Growing up, you could say we were somewhat adventurous eaters. Our family has always eaten a wide variety of vegetables (no picky eaters at our table!) and my brother and I acquired a taste for olives rather early on in our lives. My mom is fond of recalling how the two of us (still preschool and early primary school at that stage) used to pick all the olives out of the salad before the other guests even arrived at the table. What? It was good. And quite frankly, at the age of 6, etiquette was the last thing on my mind.
I also vividly remember how my dad (a big lover of all things spicy) introduced us to our first chili pepper. I was about 9 and my brother 8 and to us it looked just like a green (bell)pepper. So, without hesitation, we took a big bite. Only to splutter mere seconds later and start gasping for air as the capsaicin hit our tastebuds. Our mouths were on fire, and when my mom saw what had happened, a few other things were almost on fire too...
When aubergines started to become trendy in the 1990's, my mom didn't hesitate to jump on the bandwagon and to this day she makes a mean ratatouille. The arrival of broadbeans (fava beans) in our house was met with raised eyebrows. My dad had seen them at our local veggie shop, and always keen to try new things (especially if they're cheap - my dad is a bargain hunter of note) he bought a big bunch of 'em. Leaving my mom to try and figure out what the heck to do with them.
Back in the day broadbeans (fava beans) weren't the sexy little things that they are today and my poor mom had no clue how to prep them. Shucking didn't even enter her mind and as far as I recall she gave them the same treatment she always gave regular green beans - sauteed with onion and tomato. It wasn't exactly bad, but the beans really didn't get a proper chance to shine either. How could they, when still encased in their tough outer shells?
So, when I opened up my second veggiebox last week and found a huge bunch of broadbeans (fava beans) I couldn't help but smile. Like my mom, I was in unfamiliar territory, having never cooked with them before, but I knew enough to remove them from their cotton wool-y pods, allowing the bright green beans to take centre stage.
Well, as seems to be the case with a lot of things these days, twitter sparked my creative juices even further when Sigrid announced a risotto-off. What could be better to showcase the pretty green things, than a creamy cheesy baked risotto? Add some crisp slender asparagus, shredded leeks and a smattering of dried chili peppers (to complete the trip down memory lane) and supper was starting to shape up pretty damn well.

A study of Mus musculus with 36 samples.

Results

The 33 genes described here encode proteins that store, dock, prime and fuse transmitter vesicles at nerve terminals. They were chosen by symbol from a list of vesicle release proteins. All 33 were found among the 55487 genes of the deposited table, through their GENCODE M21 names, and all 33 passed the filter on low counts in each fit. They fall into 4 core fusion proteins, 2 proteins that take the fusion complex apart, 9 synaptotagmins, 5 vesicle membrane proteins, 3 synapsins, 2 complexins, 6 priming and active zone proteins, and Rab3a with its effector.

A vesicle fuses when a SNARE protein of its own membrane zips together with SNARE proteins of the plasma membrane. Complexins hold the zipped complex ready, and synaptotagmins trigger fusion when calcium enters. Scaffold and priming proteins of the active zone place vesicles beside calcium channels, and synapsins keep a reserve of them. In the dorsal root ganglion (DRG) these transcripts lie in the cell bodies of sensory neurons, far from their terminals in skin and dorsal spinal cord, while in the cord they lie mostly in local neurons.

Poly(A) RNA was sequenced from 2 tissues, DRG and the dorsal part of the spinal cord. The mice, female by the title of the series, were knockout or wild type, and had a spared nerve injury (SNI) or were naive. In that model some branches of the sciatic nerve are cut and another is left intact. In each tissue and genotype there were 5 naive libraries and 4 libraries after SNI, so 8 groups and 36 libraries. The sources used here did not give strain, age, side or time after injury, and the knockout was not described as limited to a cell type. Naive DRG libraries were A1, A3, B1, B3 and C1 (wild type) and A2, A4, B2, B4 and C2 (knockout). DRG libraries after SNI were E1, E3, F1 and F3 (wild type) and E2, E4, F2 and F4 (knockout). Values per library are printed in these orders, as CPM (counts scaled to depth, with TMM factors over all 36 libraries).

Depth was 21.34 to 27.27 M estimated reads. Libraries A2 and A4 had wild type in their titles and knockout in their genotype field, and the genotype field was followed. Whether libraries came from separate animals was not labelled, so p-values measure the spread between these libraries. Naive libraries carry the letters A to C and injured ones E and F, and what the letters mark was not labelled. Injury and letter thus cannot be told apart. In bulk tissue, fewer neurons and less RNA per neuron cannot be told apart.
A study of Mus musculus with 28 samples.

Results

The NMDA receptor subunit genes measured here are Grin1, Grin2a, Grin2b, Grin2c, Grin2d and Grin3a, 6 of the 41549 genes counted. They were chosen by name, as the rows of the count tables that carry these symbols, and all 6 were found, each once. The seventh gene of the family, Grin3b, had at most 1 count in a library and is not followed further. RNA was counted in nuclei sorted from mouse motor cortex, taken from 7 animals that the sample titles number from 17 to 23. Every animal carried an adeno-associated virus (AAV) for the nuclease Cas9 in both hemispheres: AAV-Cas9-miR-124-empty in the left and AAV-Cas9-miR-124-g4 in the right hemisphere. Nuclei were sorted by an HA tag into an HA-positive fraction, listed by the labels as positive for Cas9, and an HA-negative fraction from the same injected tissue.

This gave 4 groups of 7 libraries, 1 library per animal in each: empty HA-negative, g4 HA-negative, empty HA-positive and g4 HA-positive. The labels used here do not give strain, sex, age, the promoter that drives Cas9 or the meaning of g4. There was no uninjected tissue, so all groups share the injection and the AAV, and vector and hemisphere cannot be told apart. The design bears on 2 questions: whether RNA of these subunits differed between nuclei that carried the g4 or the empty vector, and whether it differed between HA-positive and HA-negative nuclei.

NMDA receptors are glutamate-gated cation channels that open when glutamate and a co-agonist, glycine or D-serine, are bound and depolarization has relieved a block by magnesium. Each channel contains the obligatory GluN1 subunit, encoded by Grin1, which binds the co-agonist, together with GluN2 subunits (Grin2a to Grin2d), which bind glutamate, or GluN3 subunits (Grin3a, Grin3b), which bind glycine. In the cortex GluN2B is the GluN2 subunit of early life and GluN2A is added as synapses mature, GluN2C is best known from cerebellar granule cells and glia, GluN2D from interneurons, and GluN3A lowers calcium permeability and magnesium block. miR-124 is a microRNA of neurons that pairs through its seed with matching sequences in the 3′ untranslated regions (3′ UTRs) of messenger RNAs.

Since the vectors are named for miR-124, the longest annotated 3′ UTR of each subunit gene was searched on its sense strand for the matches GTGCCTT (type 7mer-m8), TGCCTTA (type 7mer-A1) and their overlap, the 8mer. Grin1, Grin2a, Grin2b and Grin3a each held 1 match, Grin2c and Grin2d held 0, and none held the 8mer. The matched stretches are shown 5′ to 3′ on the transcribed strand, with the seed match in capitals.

I am submitting this to
Baked Spring Risotto
This was my first foray into baked risotto (instead of the normal stir-stir-stirring on the stovetop) and I must say I was pleasantly surprised. The texture was spot on - light and creamy (perhaps slightly drier than usual) and without a hint of stodginess. And of course, it's a whole lot less effort! Highly recommended.
3 tbps olive oil
1 large leek, rinsed and sliced thinly
2 cups arborio rice
1/2 cup dry white wine
2 1/2 cups good vegetable stock
2 - 3 small dried red chilies, finely chopped
500g broadbeans (fava beans), removed from their pods
100g (approx 3 oz) asparagus, cut into bite sized pieces
1/3 cup full fat cottage cheese
40g (1.3 oz) grated parmesan
1 tbsp lemon juice
1. Heat one tablespoon olive oil in a medium frying pan, add the leek and saute briefly or until it looks glazed. Add the rice, stirring to coat with the oil, then add wine and cook for a minute or two until the liquid has been absorbed. Transfer to an oven proof casserole dish.
2. Pour vegetable stock onto the rice, add dried chilies and stir gently to combine; then place in the oven for 20 minutes.
3. Meanwhile, steam your broadbeans (fave beans) for a minute or two, or until the outer casings are slightly shriveled and have turned a greyish colour. Allow to cool, then break open the casings to reveal the bright green beans on the inside. Discard casings.
4. After risotto has been in the oven for 20 minutes, stir broadbeans (fava beans), asparagus, cottage cheese, parmesan, lemon juice and 1/2 cup of water through the rice and return to the oven for another 5 minutes. Serve warm, perhaps with extra lemon wedges to squeeze over.
Unlike stove-top versions of risotto, this baked version keeps extremely well in the fridge for a couple of days. Simply reheat in the microwave, adding a little bit of water if you like.